In her first State of the Union Address 2020 in September, European Commission (Commission) President Ursula von der Leyen recalled that the EU Green Deal is considered the blueprint to the green transformation and thus a top priority for the Commission. Executive Vice-President Margrethe Vestager has reiterated this pledge at the State Aid High Level Forum of the Member States, where she acknowledged that the EU “State aid rules are already green”, especially given the large proportion of State aid granted to support environmental protection and energy savings but commented that there is still room for improvement.
Last week, the Commission published a roadmap on the revision of the Commission’s Communication on “Important projects of common European interest” (IPCEI) which is open for feedback until 21 December 2020 (see here). The IPCEI framework is planned to be revamped by the end of 2021 to support several Commission’s priorities such as the EU Green Deal, the Industrial Strategy and the Digital Strategy.
Overview of revisions of EU State aid rules to meet the EU Green Deal objectives
There are a number of public consultations which the Commission has been, and is currently, conducting with a view to revising its State aid rules to make them fit for EU Green Deal purposes. Namely: (i) a broader call for contributions on Competition Policy and the EU Green Deal on which we have submitted comprehensive observations last week (read more in this blog post); (ii) a public consultation on proposed changes to the Guidelines on State aid for environmental and energy (EEAG) (read more in this blog post); and now (iii) the public consultation on the revision of the IPCEI framework.
Clear need to reshape the current State aid rulebook to allow for public funding to reach real economy in time for EU Green Deal targets
The above listed initiatives show the urgent need to adapt existing State aid rules to allow for State funding to be made available to the real economy to meet the ambitious targets set out under the EU Green Deal, e.g. to achieve i.a. a 90% reduction in transport greenhouse gas emissions by 2050 in support of the shift to sustainable and smart mobility, to ensure that the supply of energy is largely based on renewable energy sources in the future etc.
The Commission’s call for contributions on Competition Policy and the EU Green Deal is a first step to better understand how sustainability can play a more prominent role in competition analysis moving forward. With a view to State aid, given the long-standing review and approval practice of the Commission in energy and environmental aid cases, the debate on achieving sustainability goals is much less controversial in State aid law than in other areas of competition law. Nonetheless, with the EU Green Deal, there is a clear need for a “green reform” of the State aid framework.
In practice, we consider that changes are necessary to the Communication on IPCEI, the EEAG, as well as the Framework for State aid for research and development and innovation (R&D&I Guidelines) as follows:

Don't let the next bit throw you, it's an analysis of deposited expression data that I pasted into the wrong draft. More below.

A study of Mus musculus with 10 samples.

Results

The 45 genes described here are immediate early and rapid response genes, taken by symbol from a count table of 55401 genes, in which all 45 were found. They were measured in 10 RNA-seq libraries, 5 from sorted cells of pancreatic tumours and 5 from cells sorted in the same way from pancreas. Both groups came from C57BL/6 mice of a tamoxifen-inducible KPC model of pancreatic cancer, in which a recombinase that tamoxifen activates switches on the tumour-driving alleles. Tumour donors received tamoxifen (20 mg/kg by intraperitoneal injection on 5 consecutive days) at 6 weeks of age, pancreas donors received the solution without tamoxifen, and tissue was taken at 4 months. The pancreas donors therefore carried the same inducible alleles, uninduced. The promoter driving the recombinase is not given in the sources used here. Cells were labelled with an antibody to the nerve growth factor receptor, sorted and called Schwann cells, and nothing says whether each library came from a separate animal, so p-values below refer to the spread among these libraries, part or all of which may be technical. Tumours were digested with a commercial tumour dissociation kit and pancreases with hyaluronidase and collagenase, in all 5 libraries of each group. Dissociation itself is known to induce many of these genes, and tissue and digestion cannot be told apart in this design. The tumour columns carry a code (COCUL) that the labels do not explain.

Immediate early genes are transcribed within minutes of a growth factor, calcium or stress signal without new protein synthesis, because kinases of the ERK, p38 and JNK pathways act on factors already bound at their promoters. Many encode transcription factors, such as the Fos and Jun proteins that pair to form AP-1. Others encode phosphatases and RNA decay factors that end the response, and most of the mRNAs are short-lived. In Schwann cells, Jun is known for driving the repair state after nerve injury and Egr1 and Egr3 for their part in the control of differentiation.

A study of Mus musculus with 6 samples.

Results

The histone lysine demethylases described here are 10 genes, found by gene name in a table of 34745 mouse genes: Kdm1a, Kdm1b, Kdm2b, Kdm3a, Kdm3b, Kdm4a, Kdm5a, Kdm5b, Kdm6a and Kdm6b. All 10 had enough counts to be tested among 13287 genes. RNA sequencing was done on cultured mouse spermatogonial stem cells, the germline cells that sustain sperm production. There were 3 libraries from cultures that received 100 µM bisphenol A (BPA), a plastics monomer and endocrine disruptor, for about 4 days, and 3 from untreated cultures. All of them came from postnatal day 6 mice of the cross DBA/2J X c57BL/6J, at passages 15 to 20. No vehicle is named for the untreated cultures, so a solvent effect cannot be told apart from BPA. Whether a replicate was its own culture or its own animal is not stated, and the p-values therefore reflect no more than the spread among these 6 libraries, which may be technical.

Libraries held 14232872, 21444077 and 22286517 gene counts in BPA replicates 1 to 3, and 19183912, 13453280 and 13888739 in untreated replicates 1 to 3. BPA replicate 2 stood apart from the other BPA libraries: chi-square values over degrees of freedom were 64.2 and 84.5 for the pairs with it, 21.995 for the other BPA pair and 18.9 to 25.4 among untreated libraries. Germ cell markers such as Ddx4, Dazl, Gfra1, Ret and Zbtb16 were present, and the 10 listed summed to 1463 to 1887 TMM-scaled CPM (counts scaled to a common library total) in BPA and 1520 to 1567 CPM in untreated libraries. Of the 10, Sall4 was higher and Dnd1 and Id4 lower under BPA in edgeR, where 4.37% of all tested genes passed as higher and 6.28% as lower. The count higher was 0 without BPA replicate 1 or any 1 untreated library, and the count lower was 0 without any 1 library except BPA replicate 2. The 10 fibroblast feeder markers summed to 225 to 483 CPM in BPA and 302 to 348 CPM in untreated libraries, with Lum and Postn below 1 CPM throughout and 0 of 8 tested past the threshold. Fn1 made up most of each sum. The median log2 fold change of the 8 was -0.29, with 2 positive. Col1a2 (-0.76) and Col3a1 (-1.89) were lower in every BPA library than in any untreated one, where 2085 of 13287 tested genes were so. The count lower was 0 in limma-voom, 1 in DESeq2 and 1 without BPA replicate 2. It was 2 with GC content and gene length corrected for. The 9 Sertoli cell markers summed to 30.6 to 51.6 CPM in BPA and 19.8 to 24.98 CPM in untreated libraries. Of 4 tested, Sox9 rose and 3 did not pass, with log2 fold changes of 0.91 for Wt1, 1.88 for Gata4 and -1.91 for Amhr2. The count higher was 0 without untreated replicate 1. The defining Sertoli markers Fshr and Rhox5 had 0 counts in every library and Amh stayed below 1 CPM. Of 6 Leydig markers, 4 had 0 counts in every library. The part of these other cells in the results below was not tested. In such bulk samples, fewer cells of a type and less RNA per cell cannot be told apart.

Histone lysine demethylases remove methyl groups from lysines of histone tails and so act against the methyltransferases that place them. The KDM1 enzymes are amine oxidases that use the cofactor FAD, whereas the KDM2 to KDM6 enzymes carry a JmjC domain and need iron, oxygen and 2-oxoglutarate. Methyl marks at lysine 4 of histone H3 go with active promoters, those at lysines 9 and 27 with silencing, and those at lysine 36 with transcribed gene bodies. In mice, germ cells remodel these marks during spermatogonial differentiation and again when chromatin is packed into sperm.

- Making more use of IPCEI
An important change required is to increase the use of the IPCEI instrument. Given its flexible nature and design, which enables pan-European collaboration by Member States in specific industries or sectors, we believe this instrument could contribute to mobilising greater public and private funds to better realise the EU Green Deal’s objectives. For example, in the area of hydrogen. Very much along these lines, Germany has recently announced support for a new IPCEI on batteries. We would welcome the extension of the IPCEI to projects covering developments both in the green and digital transition of Europe and for its scope to be broadened to allow for more SMEs to participate in IPCEIs.
- Re-shaping the EEAG to allow for higher aid intensities and extension of scope
Overall, the EEAG should allow for sufficient investment volumes to be raised to achieve the objectives of the EU Green Deal. The main principle of the rules in the EEAG is currently limiting Member States to compensate companies only for minimum additional costs of the “green element in the investment”. Broadening and simplifying the concept of “eligible costs” should be considered to allow greater volumes to be invested in “green” projects. Such projects could also benefit from a standard maximum aid intensity of 100%.
Likewise, the thresholds triggering an individual notification obligation should be raised to allow for sufficient investment volumes.
In addition, future-proof renewable energy technologies such as Power-to-X and new renewable energy sources such as hydrogen should be considered when revising definitions in the renewables sector under the EEAG. We would also welcome the coverage of new carbon-intensive sectors by the EEAG.
- Revision of the R&D&I Guidelines
Finally, a revised State aid rulebook should also address potential gaps in granting aid for research and development of green technologies in particular in respect of the transition of such technologies to the market. While the current R&D&I Guidelines cover industrial research and experimental development, especially in the renewable energy and fuel sectors, new technologies are not always profitable at the outset. Therefore, additional aid is needed to scale production of such technologies and ensure their effective and quick use for a greener market.
With sustainability being a top priority for many businesses, we consider that the easiest way to support more State aid for environmental objectives is to follow a more flexible approach to support projects with a “green objective” in the future, be it in the form of increased use of the IPCEI instrument for specific sectors or a “green bonus” for a project that meets certain environmental criteria. Eventually, in order to achieve a “green” transition, all stakeholders will have to play their part, including competition regulators.